Visitors to Realogy Corp.’s new Madison headquarters will find what they might expect to see in the offices of a technology startup or an ad agency: low-profile work stations, glass-walled executive suites and more than 100 conference or huddle rooms.
The design is a nod toward close collaboration despite the company’s global reach and its role as a franchisor of some of the best known real estate brands, like Century 21, Coldwell Banker and Sotheby’s International. But Dave Weaving, Realogy’s chief administrative officer, said the business units have plenty of reasons to come together.
“Each of those brands is collaborative in terms of how they work, in terms of defining marketing, technology, training and things like that for their franchisees,” he said. “So they want to have the ability to interact with each other on a more free-form basis.”
More than 900 Realogy employees have since moved from nearby Parsippany to the new 270,000-square-foot headquarters, which was built by the Hampshire Cos., of Morristown. Weaving said its key features include the shift toward communal work areas, an interior design that helps define each of its six brands and unfinished space to accommodate growth.
Weaving conceded that “we had employees who logically had some trepidation by going to more open environment,” in some cases losing private offices or external windows. But he said the staff has taken the relocation in stride.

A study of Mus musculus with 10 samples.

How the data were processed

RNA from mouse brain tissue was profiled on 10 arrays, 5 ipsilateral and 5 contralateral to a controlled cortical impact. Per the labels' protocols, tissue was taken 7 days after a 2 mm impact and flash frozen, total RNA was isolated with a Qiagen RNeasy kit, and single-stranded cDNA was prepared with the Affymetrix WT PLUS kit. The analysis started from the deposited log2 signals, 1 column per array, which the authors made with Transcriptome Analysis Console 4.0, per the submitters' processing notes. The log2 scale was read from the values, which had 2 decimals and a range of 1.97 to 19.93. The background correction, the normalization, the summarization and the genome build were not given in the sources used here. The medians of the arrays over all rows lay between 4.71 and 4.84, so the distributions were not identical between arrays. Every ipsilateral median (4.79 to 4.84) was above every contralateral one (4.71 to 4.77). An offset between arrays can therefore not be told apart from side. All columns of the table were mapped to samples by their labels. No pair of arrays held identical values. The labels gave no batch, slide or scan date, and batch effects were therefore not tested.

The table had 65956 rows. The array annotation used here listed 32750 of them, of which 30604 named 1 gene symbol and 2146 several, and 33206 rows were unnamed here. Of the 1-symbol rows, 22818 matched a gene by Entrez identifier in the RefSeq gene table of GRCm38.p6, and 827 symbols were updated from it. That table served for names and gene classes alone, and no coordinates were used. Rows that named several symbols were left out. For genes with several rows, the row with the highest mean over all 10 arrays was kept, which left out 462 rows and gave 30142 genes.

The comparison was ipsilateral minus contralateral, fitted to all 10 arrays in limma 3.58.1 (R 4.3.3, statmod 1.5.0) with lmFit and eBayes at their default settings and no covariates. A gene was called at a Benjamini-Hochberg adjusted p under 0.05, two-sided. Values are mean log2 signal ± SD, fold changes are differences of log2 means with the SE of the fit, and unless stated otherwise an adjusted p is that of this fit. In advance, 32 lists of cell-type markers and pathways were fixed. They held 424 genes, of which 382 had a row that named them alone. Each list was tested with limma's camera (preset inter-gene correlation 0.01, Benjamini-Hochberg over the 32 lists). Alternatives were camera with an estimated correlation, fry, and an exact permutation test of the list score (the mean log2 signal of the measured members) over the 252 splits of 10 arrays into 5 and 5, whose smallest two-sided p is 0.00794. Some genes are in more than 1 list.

“In a move when you’re talking about close to 1,000 people, you expect potentially to have some concerns raised,” Weaving said. “They have been fascinatingly minimal.”
The all-glass headquarters also is a window into one of the most critical trends in commercial real estate: high-profile tenants want modern, more efficient space, leading to opportunities for new projects. But they also leave behind large, vacant and sometimes functionally obsolete buildings that can be a headache for the company or its landlord.
The Madison building is 100,000 square feet smaller than Realogy’s previous space, which it does not own. Weaving said the landlord has put the property up for sale.
Realogy’s move, which was completed about a month ago, was punctuated earlier this week at ribbon-cutting ceremony attended by Gov. Chris Christie. The relocation is among the Christie administration’s signature “saves” in job retention: Realogy chief Richard Smith has said he was all but ready to move the company to North Carolina in 2010, when the state stepped in with a $12 million incentive package to keep it here.
The company, which has about 1,300 employees in New Jersey, owns and franchises real estate brands that also include ERA and Better Homes and Gardens. The global firm also has business units specializing in corporate relocation and title and settlement services.
Realogy’s parent company, Domus Holding Corp., announced last year that it would go public and subsequently launched a $1 billion offering of common stock. The company said it planned to use the proceeds to pay off debt.